It was probably 45 years ago when my dad and I figured out that a mixture of white light and blue-violet (UV) light really made the aquarium plants and decorations "pop". It was not easy to create that effect back then. When I recently purchased a bag of 100 blue-violet (UV) LEDs, my eyes immediately turned toward the aquarium light (white LED light). I imagined how happy my little fish would be with beautiful new lighting, including twilight and sunrise/sunset effects. I immediately knew what must be done! The aquarium light must be hacked! (Unfortunately, it is not possible to fully capture the UV light effect fully in a photograph. I have done my best to reproduce the aquarium as it actually looks under the different settings.)Build
First, I looked at the wall wart power adapter for the aquarium light. I saw that it was 12 volt, 200 mA. Then I examined the light, and found 2 screws which I removed. I then used a spudger to release the snap clips around the edges, and separated the 2 halves. I found exactly what I expected. A black and a red wire coming from the power jack, going to a power switch, then to the LED board. I cut the plastic rivets holding the board in the fixture, and lifted the board. I determined where I could drill holes for 12 more (the UV) LEDS, installed them, held each in place with a dot of hot glue, and wired them together in a series-parallel configuration, 2 series lines of 6 LEDs each. The anode ends were kept separate, the cathode ends wired together. I reinstalled the LED board, and then I grabbed an Arduino NANO (my development board of choice), a pushbutton switch, a few resistors, a Photoresistor and 2 general purpose NPN transistors, and wired them up on a proto-board. The transistors are used as drivers to the LEDs from the PWM pins 3 and 5 of the NANO. The pushbutton is used to switch modes for the controller, and a photoresistor is used to adjust the LEDs based on the ambient light level.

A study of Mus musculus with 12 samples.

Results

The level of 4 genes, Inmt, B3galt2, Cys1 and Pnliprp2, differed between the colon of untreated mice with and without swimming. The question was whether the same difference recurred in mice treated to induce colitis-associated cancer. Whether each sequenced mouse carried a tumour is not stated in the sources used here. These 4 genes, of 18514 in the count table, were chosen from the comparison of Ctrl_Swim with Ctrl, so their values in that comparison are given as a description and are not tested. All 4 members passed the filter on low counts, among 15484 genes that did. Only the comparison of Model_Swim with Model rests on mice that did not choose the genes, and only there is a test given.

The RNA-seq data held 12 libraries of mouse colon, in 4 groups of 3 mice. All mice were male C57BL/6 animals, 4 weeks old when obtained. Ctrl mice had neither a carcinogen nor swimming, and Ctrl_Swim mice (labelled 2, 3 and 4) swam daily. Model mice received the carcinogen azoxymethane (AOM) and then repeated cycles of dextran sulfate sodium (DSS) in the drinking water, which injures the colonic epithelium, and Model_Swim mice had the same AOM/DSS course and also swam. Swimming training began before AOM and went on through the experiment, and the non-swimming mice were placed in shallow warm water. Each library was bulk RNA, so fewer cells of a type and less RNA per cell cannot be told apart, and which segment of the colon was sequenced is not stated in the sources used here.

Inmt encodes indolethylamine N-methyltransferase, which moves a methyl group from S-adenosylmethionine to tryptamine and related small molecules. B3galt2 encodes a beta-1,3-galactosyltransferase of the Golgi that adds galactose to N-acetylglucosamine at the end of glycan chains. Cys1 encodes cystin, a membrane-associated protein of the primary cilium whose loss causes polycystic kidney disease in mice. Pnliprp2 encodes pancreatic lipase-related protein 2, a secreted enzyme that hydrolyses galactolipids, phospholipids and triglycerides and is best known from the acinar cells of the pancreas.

Next, I took the +12 volt (red) wire coming from the power switch, (switch is not visible, in the photo below due to USB cable.) and connected it to the V-in pin of the NANO, and then extended on it to it's original connection on the LED board. I disconnected the ground (black) wire from the LED board, and connected it to the ground of my control board. I then ran a wire from the collector of the PWM driver transistor for the main LED channel to the point on the LED board where the ground wire had been previously. Next, I calculated and installed current limiting resistors for the UV LEDs I had installed, and wired them to the other PWM transistor. After testing, and installing the sketch I had written, I drilled holes in the lamp housing for the button, photoresistor, circuit board screws, and an access hole for connecting a USB cable during development. I then assembled everything, and installed it on the aquarium. Modes
The software has several modes: Full white light, White light/UV mixed, UV only, and Active Ambient Sensing mode, that constantly adjusts the brightness/mixture for optimum lighting under all light levels. In the evening, once it gets fairly dark, the controller enters twilight mode, which leaves only the UV LEDs on, giving a beautiful evening display. After a time in twilight mode, the UV LEDs fade out completely over a period of about 1/2 hour, simulating sundown. The converse occurs in the AM, and the cycle repeats.